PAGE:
UK citizens may be able to exercise greater control over what happens to personal information under proposals outlined by the government.
Citizens will be able to ask for deletion of personal data, and information posted when they were children.
The proposals form part of an overhaul of UK data protection laws drafted under digital minister, Matt Hancock.
Firms found on the wrong side of the law will be liable for bigger fines imposed by the UK's data protection watchdog.
The bill will see the EU's General Data Protection Regulation (GDPR) integrated into UK law.
"The new Data Protection Bill will give us one of the most robust, yet dynamic, set of data laws in the world," said Hancock in a statement.
"It will give people more control over their data, require more consent for its use, and prepare Britain for Brexit," he added.
The bill will include the following proposals:
- Withdrawing consent for the use of personal data to become simpler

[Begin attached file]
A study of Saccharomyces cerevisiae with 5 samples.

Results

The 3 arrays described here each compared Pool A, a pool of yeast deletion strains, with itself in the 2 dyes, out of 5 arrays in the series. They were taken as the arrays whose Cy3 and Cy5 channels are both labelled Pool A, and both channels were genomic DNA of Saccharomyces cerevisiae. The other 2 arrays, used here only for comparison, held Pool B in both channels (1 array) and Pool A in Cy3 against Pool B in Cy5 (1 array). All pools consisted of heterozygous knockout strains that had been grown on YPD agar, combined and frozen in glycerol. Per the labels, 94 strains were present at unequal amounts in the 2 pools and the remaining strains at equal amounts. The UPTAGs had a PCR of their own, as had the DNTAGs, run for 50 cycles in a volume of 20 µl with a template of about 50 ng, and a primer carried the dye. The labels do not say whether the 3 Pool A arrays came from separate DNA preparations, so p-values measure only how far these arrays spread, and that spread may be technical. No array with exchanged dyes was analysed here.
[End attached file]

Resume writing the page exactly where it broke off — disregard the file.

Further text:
- Allow people to call for deletion of data
- Explicit consent will be required when firms when they process sensitive personal data
- Data expansion to allow for inclusion of IP addresses, DNA and small text files known as cookies
- Allow people get hold of the information organisations hold on them much more freely
The legislation will help the UK prepare for Brexit because it will mean the systems were aligned when the UK left the bloc.
Shadow culture secretary Tom Watson said, "As we are leaving the EU it is more important than ever that we have a robust data protection framework fit for the future, stv.tv reported.
"We'll be scrutinising the bill carefully to make sure it creates that future proof framework."
Elizabeth Denham, the information commissioner, said, "We are pleased the government recognises the importance of data protection, its central role in increasing trust and confidence in the digital economy and the benefits the enhanced protections will bring to the public," the BBC reported.